F. R. Sussey Civil Air Patrol Composite Squadron to host ARRL Field Days


The F.R. Sussey Composite Squadron will play host to the Fulton Amateur Radio Club and the Oswego County RACES (Radio Amateur Civil Emergency Service) annual amateur radio exercise the week end of June 23 and 24 at the Oswego County Airport.

Field Day is open to all amateurs in the areas covered by the ARRL/RAC Field Organizations and countries within IARU Region 2.

Amateur radio licensees John Darling, Dave Robinson, Rick Boutell and Bob LaMay prepare equipment for any emergency they may be called to assist in.

Amateur radio licensees John Darling, Dave Robinson, Rick Boutell and Bob LaMay prepare equipment for any emergency they may be called to assist in.

The event will begin at 2 pm on June 23 until June 24 at 2 p.m.

Field Day is an annual amateur radio exercise, widely sponsored by IARU regions and member organizations encouraging emergency communications preparedness among amateur radio operators.

In the United States, it is typically the largest single emergency preparedness exercise in the country, with more than 30,000 operators participating each year.

Since the first ARRL Field Day in 1933, radio amateurs throughout North America have practiced the rapid deployment of radio communications equipment in environments ranging from operations under tents in remote areas to operations inside Emergency Operations Centers (EOCs).

Operations using emergency and alternative power sources are highly encouraged, since electricity and other public infrastructures are often among the first to fail during a natural disaster or severe weather.

To determine the effectiveness of the exercise and of each participants operation, there is an integrated contesting component, and many clubs also engage in concurrent leisure activities (camping out, cookouts, etc.)

Operations typically last a continuous twenty-four hours, requiring scheduled relief operators to keep stations on the air.

Additional contest points are awarded for experimenting with unusual modes, making contacts via satellite, and involving youth in the activity.

The FR Sussey Composite Squadron cadets have been studying and testing to receive their amateur radio license and are eager to get on the air and learn more about this activity. They will also be learning how they can perform vital community service during extreme weather or other emergencies through this event.

The OCEC/RACES is a manpower resource that provides professional skills to the Office of Emergency Management and the government of Oswego County.

These skills include administrative and logistical communications to the emergency service agencies within the County and to other jurisdictions including the State Emergency Office when needed.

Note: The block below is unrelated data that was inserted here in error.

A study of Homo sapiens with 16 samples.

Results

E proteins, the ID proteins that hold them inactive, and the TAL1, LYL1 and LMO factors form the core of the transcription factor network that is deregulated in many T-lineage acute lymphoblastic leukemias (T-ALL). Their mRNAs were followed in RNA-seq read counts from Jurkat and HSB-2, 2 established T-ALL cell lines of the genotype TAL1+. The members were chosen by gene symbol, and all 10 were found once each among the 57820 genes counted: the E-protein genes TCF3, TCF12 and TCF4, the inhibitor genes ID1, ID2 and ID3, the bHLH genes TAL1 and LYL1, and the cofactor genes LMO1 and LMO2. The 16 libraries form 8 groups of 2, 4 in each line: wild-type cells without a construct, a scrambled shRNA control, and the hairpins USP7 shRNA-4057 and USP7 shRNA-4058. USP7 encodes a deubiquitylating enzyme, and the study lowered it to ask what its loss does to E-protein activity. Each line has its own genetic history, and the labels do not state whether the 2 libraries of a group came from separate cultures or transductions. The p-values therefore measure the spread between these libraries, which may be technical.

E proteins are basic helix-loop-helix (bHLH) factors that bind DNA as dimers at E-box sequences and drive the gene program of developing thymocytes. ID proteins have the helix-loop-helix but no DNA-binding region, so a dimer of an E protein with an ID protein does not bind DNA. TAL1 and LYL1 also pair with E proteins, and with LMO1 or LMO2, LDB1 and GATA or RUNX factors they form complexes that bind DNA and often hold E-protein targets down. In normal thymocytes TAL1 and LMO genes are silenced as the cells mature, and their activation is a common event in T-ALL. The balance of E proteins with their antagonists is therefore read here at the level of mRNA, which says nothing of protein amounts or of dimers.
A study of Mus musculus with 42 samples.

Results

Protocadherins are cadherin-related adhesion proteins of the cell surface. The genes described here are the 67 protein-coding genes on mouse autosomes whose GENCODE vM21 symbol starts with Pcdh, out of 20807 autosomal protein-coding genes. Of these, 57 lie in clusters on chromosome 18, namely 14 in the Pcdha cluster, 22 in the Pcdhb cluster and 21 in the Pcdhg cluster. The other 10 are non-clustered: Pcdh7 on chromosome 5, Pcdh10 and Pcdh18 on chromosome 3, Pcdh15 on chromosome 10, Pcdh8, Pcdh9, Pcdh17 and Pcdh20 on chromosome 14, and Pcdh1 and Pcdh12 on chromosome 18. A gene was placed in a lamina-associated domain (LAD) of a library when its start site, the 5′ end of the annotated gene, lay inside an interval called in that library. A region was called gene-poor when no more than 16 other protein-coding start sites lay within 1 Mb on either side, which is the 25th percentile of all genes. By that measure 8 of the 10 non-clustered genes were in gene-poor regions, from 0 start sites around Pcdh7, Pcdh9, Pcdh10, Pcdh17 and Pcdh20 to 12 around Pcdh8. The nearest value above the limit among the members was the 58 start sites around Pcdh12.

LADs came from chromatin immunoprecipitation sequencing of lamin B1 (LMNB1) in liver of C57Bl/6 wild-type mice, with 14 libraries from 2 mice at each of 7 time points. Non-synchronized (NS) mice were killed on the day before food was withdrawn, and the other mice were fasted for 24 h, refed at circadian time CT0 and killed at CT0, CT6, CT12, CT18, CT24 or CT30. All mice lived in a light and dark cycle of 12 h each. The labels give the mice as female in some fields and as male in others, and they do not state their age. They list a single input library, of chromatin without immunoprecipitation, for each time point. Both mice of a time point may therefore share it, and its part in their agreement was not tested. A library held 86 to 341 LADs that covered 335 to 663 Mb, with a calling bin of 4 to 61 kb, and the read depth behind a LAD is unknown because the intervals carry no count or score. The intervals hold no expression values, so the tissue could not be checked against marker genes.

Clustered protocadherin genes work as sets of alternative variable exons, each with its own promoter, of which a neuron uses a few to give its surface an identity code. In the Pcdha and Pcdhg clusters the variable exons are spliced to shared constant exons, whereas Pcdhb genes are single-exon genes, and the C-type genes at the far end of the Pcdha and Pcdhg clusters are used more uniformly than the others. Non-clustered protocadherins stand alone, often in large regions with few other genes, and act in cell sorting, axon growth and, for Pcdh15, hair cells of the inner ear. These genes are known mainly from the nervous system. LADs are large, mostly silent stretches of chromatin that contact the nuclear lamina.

Membership is open to anyone with an interest in emergency communications, whether a licensed amateur radio operator or not, and is 18 years of age. A student membership that carries some restrictions is available.

The RACES group looks forward to participating in this Field Day to hone their skills and enjoy the camaraderie Field Day stresses emergency preparedness.

Frequently, entire radio clubs get involved and assemble a portable radio station in a field or park. Some might use quickly deployable portable antennas while others might erect more elaborate radio masts and towers supporting several antennas.

Generators or solar power provide electricity to amateur radio transceivers, which may be located in tents, cars, recreational vehicles, or other portable shelters.

The contest aspect of a Field Day operating event is to contact as many stations as possible in the given time period using portable station. Each station will exchange information with other participating stations.

The contest portion of Field Day has two purposes.

The primary purpose is to demonstrate the group’s ability to plan operations that can be effective for an entire twenty-four hour period, including operator endurance and adequate numbers of operators for a shift operation.

The secondary portion is to demonstrate the technical proficiency of the station that has been hastily constructed for the purpose; in theory a better station will be capable of emergency operations in more dire conditions.

Such a station will also be capable of making more contacts during the contest portion of Field Day.

Field Day is frequently used to attract significant publicity for amateur radio, and some clubs simultaneously demonstrate technologies including single sideband voice, Morse code, digital modes (such as RTTY, PSK31 and Winlink, among others), and communication via amateur radio satellite.

The public is welcome to attend this event and learn what amateur radio is all about.

Civil Air Patrol will be available to direct the public to the event.